Unplanned pregnancies have a big impact on the health and well-being of women, their families, and their communities. Social networking sites (SNSs) such as Facebook and Instagram are popular globally, but their potential in helping to improve contraceptive use has not been fully explored.
To evaluate the effectiveness of using SNSs to promote the uptake of and adherence to contraception in reproductive-age women.
We ran an electronic search in January 2018 on several online databases and key conferences to identify relevant studies that used SNSs to improve contraceptive use in reproductive-age women.
To be included, studies must have used an SNS (either alone or with another method), and have followed the women involved for at least three months after the intervention.
Data collection and analysis
Two authors independently screened titles, abstracts and full-text studies, and extracted data from included studies. A third author was assigned to resolve areas of disagreement.
We reviewed 461 titles, abstracts and full-text articles and found only two studies that met the inclusion criteria. Both studies were conducted in the USA and had a high risk of bias. The first study divided women into two groups; one group received access to a website containing highly accurate medical information about contraception for the public called Bedsider.org, while the other group was exposed to nothing. The study found no differences between the groups in how consistently women used a contraceptive method, or their knowledge of how well each method prevented pregnancy. However, this study did find that more women in the group exposed to Bedsider.org used a highly effective contraceptive method one year later.
The second study used a closed Facebook page exposing women to either sexual health content or news articles that avoided sexual health information in order to determine the impact on condom use. The study found no difference between groups in how consistently condoms were used six months postintervention or their intention to use condoms in the future.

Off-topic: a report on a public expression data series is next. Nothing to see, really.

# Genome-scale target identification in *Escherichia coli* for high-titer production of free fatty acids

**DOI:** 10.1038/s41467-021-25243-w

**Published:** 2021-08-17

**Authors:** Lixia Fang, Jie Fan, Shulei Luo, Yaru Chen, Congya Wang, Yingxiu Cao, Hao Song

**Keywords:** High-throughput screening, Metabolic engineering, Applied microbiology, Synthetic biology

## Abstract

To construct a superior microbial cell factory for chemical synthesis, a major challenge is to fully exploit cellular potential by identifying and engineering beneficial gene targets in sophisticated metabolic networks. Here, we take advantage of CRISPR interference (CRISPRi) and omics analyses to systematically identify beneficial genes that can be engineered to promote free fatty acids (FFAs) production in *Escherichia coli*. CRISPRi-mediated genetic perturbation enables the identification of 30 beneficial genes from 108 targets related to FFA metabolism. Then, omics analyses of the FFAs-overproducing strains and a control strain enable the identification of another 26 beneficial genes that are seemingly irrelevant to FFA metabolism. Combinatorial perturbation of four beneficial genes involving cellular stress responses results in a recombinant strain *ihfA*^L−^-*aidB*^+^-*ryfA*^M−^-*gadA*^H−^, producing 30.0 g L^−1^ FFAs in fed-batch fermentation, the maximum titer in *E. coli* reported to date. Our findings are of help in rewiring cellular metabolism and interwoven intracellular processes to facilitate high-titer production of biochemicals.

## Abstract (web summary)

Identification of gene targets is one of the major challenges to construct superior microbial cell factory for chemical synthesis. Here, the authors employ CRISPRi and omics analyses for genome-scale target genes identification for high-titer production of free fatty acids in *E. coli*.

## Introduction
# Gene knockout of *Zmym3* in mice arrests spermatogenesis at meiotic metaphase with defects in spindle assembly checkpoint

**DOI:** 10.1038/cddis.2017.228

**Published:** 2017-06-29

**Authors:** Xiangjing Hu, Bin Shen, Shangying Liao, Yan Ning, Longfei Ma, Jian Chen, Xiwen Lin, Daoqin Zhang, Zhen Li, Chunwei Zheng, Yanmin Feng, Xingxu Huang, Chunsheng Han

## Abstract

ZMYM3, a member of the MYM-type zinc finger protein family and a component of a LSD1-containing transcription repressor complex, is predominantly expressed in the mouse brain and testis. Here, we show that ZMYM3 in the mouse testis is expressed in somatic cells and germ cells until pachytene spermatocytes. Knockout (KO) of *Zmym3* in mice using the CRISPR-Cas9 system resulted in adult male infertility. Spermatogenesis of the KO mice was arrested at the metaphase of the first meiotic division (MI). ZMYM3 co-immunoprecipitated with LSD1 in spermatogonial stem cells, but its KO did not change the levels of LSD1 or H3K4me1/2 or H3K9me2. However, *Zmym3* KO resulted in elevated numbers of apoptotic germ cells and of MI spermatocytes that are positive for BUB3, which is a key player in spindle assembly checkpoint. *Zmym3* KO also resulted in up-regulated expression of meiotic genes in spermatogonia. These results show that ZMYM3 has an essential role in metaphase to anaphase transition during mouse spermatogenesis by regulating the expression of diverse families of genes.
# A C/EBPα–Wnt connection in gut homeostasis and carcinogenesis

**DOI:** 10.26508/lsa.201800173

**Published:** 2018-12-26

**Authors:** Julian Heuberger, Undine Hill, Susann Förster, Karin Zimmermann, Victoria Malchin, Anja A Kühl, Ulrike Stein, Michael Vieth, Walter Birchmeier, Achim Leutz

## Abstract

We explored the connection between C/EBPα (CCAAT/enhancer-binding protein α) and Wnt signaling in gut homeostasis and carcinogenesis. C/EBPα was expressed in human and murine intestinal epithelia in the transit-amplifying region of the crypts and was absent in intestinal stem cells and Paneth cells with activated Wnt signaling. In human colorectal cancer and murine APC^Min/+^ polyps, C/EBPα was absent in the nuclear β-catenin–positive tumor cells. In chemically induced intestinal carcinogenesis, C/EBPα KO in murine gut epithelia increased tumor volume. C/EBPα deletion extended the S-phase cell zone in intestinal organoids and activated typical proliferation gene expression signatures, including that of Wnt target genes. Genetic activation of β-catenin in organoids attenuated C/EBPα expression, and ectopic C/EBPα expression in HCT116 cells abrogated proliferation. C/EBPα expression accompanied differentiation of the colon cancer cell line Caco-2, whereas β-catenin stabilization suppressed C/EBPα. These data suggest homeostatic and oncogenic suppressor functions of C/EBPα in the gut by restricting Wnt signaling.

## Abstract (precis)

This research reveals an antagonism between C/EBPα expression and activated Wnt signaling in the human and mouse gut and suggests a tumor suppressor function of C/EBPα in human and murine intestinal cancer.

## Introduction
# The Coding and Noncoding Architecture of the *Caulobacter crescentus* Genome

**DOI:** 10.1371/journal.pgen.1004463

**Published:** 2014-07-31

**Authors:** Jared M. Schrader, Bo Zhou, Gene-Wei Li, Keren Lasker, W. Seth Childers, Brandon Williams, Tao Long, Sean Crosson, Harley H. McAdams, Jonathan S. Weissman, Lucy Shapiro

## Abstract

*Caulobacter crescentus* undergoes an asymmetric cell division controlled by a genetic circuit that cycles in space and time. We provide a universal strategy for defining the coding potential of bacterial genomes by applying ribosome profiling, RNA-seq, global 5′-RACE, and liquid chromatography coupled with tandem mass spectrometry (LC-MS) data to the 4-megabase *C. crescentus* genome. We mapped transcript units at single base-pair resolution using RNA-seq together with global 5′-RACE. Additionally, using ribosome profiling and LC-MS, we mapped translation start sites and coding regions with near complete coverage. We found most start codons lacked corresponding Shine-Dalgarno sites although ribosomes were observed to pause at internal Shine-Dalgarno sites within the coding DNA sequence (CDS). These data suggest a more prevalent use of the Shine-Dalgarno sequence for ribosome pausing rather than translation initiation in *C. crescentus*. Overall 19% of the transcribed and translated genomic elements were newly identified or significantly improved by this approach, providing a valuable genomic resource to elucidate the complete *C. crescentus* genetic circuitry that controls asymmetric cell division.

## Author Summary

We found little scientific evidence available to support whether SNSs improve contraceptive use or continuation among women.
Despite the prevalence of SNSs, we found little scientific evidence to support the use of SNSs to improve contraceptive use or adherence among women.
Social networking sites (SNSs) have great potential as a platform for public health interventions to address the unmet need for contraception.
To evaluate the effectiveness of interventions using SNSs to promote the uptake of and adherence to contraception in reproductive-age women.
We searched CENTRAL, MEDLINE, Embase, and six other databases on January 2018. We also searched Google Scholar, key conference proceedings, checked the reference lists of included studies, and contacted study authors to identify additional studies.
We considered randomised controlled trials (RCTs) and non-randomised interventional studies (NRS) in women of reproductive age. SNSs requiring a social profile within a bounded or restricted-access system of shared connections were included. We also included trials that utilised SNSs only or as an adjunct to an intervention. Studies had to have a follow-up outcome assessment of at least three months.
Two authors independently screened titles, abstracts and full-text studies, and extracted data from included studies. A third author was assigned to arbitrate areas of disagreement. Authors assessed risk of bias according to the Cochrane Handbook for Systematic Reviews of Interventions. We were unable to conduct a meta-analysis due to the heterogeneity of the study designs and outcome measures.
Of the 461 unique records found, only two studies met our inclusion criteria. Both studies were conducted in the USA and were at high risk of bias. One RCT included 2284 women exposed to a web-based SNS or nothing. The groups were no different post intervention in their self-reported consistency of contraceptive use or knowledge of the relative effectiveness of different methods. There was a small but significant increase in the use of more effective methods (long-acting reversible methods) at 12 months' follow-up.
The second study, a cluster RCT with 1578 women, used a closed Facebook page showing sexual health content compared to a modified Facebook news page that avoided sexual health content. They found no differences in the use of condoms at last act of sexual intercourse at six months or the intention to use condoms between the intervention and control groups.